Getting to Mars is, quite literally, going to be a case of turning science fiction into science fact.
I thought you’d enjoy looking at one of the suggestions under consideration by NASA for a craft capable of taken humanity to Mars and beyond.
The Nautilus is a true space ship in that, like the International Space Station, it will be built on Earth but assembled into its final form in space. And, like the space station, it can never come back to Earth in one piece. If it ever enters the depths of our atmosphere it will do so in a fiery ball.
Also, like the space station, the Nautilus relies heavily on solar power.
The first things most people notice when looking at the Nautilus is the inflatable side modules, effectively quadrupling the internal usable space within the craft.
Bigelow Aerospace has already demonstrated the effectiveness of inflatable habitats in space, and with the outer skin able to seal itself in the event of a micro-asteroid breach, NASA are looking to trial these on the International Space Station.
The donut-shaped ring in the midsection is an ingenious idea that’s been around since the 50s in science fiction but one that has never been put into practice in orbit. It’s a spinning, revolving torus that gives the illusion of gravity.
Have you ever seen one of those small, hand-pushed roundabouts in a child’s playground? My kids love them. My kids cheer as I spin them faster and faster, and the conservation of angular momentum gives them the illusion of an outward force, seemingly pushing them to the edge of the roundabout.
In the same way, the spinning torus on the Nautilus will give the sensation of gravity to astronauts. The weightlessness experienced by astronauts in constant free-fall is a serious problem for any mission to Mars.
In space, bone density drops at an alarming rate, giving a forty year old the bone density of a 70-80 year old inside of a year. Muscles atrophy and waste away, which has serious implications for the heart. Bodily fluids redistribute causing havoc for the sinuses, and sleep patterns are disrupted. Space is a tough environment. At least 50% of astronauts end up with space sickness for the first couple of days (similar to sea sickness), so simulating gravity could bring some very real benefits to prolonged space exploration.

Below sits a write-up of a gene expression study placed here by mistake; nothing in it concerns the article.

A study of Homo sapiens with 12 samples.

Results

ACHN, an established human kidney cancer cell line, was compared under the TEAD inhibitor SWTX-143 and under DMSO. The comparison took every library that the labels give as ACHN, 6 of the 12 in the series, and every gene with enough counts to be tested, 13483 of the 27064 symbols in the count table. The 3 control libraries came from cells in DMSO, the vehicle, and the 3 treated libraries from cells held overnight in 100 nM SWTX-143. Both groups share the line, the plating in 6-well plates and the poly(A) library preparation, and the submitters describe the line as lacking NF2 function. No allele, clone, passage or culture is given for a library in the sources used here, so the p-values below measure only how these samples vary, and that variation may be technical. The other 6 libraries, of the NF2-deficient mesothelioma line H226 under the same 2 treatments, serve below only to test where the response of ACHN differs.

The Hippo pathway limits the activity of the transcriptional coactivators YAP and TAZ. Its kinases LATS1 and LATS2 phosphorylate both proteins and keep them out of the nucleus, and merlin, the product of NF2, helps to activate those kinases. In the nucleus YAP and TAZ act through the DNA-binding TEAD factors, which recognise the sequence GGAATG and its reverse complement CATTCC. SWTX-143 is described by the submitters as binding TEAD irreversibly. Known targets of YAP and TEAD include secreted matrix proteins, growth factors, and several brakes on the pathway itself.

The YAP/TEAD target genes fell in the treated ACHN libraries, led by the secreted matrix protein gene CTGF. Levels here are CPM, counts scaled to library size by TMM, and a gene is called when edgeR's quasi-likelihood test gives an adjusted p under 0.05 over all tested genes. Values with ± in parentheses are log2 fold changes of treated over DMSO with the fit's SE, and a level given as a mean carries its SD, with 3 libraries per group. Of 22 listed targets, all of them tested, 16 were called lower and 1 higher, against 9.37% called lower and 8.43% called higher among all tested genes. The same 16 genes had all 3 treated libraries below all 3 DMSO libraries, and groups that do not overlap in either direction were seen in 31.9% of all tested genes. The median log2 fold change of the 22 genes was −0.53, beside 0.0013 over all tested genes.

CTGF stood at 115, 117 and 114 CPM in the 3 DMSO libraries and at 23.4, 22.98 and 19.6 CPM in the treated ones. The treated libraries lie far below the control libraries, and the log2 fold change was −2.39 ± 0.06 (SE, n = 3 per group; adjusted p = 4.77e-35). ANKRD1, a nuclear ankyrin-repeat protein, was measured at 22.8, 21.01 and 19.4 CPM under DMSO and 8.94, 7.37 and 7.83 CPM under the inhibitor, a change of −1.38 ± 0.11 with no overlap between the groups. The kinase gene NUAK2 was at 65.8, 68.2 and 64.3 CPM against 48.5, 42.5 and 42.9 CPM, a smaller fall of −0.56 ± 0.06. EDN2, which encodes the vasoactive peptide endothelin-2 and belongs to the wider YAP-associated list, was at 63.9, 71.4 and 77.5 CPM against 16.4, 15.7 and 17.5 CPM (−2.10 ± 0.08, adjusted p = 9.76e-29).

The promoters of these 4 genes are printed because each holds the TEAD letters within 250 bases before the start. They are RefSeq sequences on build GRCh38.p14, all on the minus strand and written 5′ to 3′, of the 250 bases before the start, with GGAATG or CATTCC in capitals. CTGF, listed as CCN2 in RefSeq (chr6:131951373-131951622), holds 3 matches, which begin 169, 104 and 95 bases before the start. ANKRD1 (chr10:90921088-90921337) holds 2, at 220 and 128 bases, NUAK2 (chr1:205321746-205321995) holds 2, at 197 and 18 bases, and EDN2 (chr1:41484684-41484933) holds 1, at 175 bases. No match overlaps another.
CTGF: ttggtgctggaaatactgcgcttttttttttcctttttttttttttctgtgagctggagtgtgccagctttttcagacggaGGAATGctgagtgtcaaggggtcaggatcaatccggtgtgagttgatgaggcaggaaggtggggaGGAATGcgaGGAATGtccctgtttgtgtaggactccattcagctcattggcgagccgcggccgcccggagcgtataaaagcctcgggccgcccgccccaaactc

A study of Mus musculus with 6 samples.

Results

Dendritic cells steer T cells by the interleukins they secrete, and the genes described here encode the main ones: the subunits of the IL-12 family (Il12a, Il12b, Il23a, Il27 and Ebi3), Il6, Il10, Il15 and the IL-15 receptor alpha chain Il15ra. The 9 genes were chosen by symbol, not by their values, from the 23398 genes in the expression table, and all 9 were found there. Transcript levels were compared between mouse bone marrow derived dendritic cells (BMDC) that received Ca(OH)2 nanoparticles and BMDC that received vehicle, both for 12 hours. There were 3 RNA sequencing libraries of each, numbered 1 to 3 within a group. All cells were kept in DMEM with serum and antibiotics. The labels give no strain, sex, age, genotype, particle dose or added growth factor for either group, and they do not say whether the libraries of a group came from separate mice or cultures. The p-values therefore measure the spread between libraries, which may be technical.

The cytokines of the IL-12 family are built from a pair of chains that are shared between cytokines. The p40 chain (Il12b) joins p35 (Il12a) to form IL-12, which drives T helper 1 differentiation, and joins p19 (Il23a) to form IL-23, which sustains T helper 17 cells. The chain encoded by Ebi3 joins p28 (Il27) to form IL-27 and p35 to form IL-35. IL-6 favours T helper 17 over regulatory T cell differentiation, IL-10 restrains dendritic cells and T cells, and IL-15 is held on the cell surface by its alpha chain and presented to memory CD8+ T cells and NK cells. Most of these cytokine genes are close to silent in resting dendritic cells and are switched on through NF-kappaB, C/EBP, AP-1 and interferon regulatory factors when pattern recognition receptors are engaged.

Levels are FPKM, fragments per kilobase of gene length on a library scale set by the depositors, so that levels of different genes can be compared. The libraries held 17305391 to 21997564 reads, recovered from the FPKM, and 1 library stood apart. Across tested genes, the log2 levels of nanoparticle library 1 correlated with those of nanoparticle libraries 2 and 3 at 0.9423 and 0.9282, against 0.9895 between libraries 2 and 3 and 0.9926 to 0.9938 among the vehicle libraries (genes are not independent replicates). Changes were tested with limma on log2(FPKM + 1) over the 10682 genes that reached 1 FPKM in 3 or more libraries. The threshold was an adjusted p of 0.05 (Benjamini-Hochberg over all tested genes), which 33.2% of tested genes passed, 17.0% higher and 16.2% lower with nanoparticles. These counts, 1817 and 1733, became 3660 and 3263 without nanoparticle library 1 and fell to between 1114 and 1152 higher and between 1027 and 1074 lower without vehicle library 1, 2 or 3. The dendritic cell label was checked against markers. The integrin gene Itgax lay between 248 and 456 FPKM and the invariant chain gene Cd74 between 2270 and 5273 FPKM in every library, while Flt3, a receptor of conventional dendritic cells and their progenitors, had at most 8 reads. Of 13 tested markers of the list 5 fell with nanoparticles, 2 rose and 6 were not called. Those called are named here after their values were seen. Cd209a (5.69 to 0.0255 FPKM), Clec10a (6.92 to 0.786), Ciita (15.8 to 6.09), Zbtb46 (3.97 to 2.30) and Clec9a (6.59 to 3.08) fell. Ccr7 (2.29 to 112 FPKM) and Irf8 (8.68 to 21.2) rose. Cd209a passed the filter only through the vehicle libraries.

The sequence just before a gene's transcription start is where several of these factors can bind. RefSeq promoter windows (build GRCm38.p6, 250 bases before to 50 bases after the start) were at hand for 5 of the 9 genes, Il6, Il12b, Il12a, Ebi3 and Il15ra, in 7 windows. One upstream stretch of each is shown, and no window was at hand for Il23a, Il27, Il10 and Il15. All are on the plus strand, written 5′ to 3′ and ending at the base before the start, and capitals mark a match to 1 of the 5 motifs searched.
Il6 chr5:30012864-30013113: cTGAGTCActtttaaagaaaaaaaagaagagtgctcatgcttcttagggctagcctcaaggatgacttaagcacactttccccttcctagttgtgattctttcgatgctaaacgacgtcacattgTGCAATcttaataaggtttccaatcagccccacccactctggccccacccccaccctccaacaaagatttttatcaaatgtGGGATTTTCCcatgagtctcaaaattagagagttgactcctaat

The proposal before NASA is to spend just over two years developing a centrifuge torus add-on for the International Space Station to test this concept in a low-earth orbit.
Partial gravity of the torus
|Revolutions per minute||30 foot diameter||40 foot diameter|
It may not sound like much, but even at four revolutions per minute, this minuscule simulated gravity would be enough to keen a sleeping astronaut comfortably in one spot. At eight revolutions, the torus would have a similar gravitational “feel” to the Lunar surface, while ten revolutions gets up to half what we experience on Earth.
Here’s an artist’s impression of the ISS centrifuge demo. Note that the torus is also partially constructed out of inflatable materials.
If this project goes ahead, it will give NASA the opportunity to evaluate the viability of a similar torus on a manned/womanned mission to Mars.
In particular, NASA is keen to understand the impact of changing exposure between weightlessness and simulated, partial gravity, looking to understand the physical as well as psychological impact. There are implications for the vascular system, ocular (sight), skeletal and muscular as well as excretory systems (no astronaut would complain about partial gravity when going #1 or #2). One possible downside, though, is scientists expect the transition in and out of the rotating torus may lead to vomiting.
But perhaps the most interesting aspect of the Nautilus design is something the observant reader may have already picked up on in the first image: there’s no engine.
What good is a space ship without an engine?
Actually, this is ingenious. Engines are big. Fuel is massive, that is to say, it takes a lot of fuel to carry fuel. The Nautilus uses a modular engine design, meaning the engine is just another module like those inflatable pods on the side of the craft. The initial configuration of inflatable modules has three pods, but the fuselage could easily be extended to include six, nine, twelve, etc, without adding that much mass proportionally, and the fuel cylinders and engines work much the same way.
The engine is modular, attaching to a plate at the rear of the space craft.
Rather than building the engine into the space craft, NASA can simply bolt on whichever engine is suitable for a particular mission. And in some cases, that may be no engine at all, as in a second space station or small engine when waiting at a gravitationally neutral Lagrange point, like the one between Earth and the Moon.
On some missions, an ion engine might be appropriate, on others a traditional rocket, but, more to the point, this modular design means a mission to Mars can send its return engine and fuel on ahead of itself at a slower pace, saving fuel on the outbound journey.
Using a design like the Nautilus to go to Mars would give our intrepid martian explorers their own space station in orbit while they explore the surface.
The Nautilus is a step in the right direction for developing a spaceship capable of travelling to Mars and beyond. For those that are interested, I’ve attached a presentation that goes into the design in more detail.
Here’s an example of a configuration that could be used on a mission to Mars.